Over the years I have been uncovering my own layers of what is known as "the shadow." According to Carl Jung, the shadow is prone to projection, turning a personal inferiority into a perceived moral deficiency in someone else. These projections cripple individuals by forming an even thicker fog of illusion between the ego and the real world; they lead us to create a particular interpretation about ourselves.

The manner in which we actualize that interpretation is directly related to what we wish to hide about ourselves, thus giving rise to the term "shadow."

In 1999, I was privileged enough to run into someone who inspired me to learn more about the effects of the shadow. I became aware of how the wave of extended beliefs create a devastating ripple effect carried throughout our body, mind and spirit, touching everything we hold sacred, including our relationships. In a very surreal and intense weekend course, I awoke and recognized how much of my thought processes had affected my condition of fibromyalgia. This condition was so intolerable that thoughts of suicide came as a result of severe depression and the inability to manage pain.

Once I learned the five simple techniques offered by the "More to Life" team of experts, I went to work in disabling the patterns and behaviors I had entangled as a unit within my mind. The transformation was profoundly significant, and since then I have adopted the role of advocate and mentor for others to take a step into this realm of consciousness. I can now attest that "to be" is a state of awareness of self, sustained by that which we proceed from. The fundamental underlying force of all creation, an enigma I refer to as Love.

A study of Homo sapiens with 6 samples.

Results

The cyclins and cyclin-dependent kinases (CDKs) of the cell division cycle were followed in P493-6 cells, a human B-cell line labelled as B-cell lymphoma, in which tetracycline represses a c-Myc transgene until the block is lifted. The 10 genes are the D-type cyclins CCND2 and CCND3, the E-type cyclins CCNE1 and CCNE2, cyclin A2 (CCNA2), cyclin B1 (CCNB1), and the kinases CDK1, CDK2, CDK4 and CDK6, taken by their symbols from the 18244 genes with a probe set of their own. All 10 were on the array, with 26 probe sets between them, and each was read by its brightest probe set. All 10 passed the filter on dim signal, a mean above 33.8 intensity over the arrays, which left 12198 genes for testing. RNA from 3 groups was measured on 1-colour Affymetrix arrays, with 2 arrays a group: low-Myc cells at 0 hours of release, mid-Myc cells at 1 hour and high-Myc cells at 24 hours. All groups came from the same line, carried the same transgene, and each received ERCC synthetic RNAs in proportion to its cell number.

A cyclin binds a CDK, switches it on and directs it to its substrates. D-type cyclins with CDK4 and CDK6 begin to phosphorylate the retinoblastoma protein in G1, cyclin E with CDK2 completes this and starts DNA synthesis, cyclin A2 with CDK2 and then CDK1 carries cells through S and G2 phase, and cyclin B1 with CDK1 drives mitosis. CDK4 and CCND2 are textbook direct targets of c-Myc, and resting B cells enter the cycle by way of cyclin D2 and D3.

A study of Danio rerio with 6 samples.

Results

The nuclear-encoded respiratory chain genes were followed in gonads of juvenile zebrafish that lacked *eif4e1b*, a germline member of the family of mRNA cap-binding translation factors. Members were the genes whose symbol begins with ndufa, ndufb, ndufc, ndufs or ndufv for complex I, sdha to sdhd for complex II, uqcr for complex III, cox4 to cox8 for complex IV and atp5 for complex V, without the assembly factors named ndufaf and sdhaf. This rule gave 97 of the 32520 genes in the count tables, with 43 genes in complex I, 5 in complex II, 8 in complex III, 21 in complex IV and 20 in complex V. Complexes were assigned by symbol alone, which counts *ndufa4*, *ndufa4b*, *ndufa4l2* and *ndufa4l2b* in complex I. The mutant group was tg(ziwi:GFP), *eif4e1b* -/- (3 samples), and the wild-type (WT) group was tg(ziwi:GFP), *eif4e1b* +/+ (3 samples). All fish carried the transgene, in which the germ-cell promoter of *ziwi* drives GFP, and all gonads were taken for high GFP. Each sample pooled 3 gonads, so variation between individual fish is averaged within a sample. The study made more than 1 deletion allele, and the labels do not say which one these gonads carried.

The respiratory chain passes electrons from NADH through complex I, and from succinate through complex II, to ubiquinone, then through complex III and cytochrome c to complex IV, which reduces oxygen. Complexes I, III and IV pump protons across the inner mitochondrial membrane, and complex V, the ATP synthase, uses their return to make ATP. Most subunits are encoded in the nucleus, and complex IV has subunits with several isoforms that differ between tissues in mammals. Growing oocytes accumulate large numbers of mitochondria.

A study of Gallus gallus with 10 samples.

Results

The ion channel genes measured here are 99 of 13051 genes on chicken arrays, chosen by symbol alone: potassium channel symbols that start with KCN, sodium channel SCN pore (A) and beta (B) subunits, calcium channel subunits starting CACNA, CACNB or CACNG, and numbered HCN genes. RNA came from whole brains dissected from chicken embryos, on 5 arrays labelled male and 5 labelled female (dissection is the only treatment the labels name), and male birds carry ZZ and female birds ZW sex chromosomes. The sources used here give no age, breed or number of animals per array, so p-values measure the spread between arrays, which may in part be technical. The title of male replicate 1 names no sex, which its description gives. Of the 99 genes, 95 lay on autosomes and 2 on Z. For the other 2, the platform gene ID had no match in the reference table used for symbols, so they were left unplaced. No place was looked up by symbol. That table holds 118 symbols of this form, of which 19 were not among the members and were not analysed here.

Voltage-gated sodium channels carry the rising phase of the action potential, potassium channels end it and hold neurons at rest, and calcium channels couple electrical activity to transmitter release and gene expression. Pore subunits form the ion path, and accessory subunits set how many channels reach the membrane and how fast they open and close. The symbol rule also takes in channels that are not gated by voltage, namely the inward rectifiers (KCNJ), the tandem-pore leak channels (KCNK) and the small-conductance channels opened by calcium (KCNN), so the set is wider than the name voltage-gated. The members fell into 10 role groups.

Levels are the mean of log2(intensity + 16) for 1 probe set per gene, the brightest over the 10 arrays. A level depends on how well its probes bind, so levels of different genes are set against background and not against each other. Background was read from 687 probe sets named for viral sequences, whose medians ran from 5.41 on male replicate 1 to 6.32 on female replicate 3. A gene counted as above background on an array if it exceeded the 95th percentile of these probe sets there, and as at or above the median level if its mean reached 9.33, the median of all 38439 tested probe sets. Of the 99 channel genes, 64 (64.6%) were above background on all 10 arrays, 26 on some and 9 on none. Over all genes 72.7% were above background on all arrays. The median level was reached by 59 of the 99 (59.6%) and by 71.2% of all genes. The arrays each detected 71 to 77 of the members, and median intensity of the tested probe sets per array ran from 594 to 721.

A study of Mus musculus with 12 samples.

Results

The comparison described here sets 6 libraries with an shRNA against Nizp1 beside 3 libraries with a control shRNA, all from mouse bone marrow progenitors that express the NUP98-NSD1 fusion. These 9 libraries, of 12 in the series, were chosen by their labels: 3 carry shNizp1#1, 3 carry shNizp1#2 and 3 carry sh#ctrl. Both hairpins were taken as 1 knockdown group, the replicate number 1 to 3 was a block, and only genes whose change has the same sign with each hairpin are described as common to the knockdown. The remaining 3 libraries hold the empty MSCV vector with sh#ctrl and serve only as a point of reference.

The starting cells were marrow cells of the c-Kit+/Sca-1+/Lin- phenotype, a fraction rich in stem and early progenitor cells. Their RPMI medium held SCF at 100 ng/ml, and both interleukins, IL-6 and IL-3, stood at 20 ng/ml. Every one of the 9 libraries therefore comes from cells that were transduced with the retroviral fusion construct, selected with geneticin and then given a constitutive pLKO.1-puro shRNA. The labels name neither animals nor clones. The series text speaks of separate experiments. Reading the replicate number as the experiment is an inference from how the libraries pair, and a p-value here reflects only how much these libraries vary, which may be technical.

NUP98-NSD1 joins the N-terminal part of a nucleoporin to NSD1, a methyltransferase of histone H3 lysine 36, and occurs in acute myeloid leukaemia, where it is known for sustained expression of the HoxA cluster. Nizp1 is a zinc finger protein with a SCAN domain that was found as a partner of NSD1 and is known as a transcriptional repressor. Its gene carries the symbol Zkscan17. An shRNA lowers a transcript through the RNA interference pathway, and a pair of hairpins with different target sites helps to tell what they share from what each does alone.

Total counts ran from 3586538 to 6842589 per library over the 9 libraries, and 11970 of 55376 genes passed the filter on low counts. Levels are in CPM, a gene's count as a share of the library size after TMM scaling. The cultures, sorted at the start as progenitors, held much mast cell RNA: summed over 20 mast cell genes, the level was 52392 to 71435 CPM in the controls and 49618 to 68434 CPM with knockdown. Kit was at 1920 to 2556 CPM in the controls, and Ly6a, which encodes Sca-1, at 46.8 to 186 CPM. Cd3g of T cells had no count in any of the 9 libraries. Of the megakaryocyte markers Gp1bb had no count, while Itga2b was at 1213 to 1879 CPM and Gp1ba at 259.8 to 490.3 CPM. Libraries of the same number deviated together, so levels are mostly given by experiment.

What did Shakespeare suggest when posing "not to be" in the form of a question? Anyone who has traveled the rocky roads of self-transformation can tell you that embarking on a journey of discovery is not for the faint at heart. It requires a warrior's heart and a fierce determination to conquer the unknown. One must behold the intention of spiritual awakening with the mindset that regardless of what happens, one is already the winner. Day after day the only requirement is to fearlessly make a clear choice, saying "yes" to life as it comes without wishing to skew pain. As said by Kahlil Gibran: "Your pain is the breaking of the shell that encloses your understanding."

Recognizing and letting go of one's resistance to be impacted by life's ebb and flow is what gives us a wider perspective of reality. In the grand scheme, we are called upon to view our experiences as opportunities, moving us closer toward evolution. So then, it is imperative that the question "or not to be" be considered and answered moment by moment.

I encourage you to engage in a journey of self-transformation where you ask yourself time and time again "to be or not to be." There are times when one must set aside that which we fear and allow our more instinctual senses to guide us. Getting through the times when I have put my heart out on the table have not been at all easy, but these experiences continue to expel all my inhibitions, making travel within the majestic passage of the soul nothing short of miraculous.

Need help? In the U.S., call 1-800-273-8255 for the National Suicide Prevention Lifeline.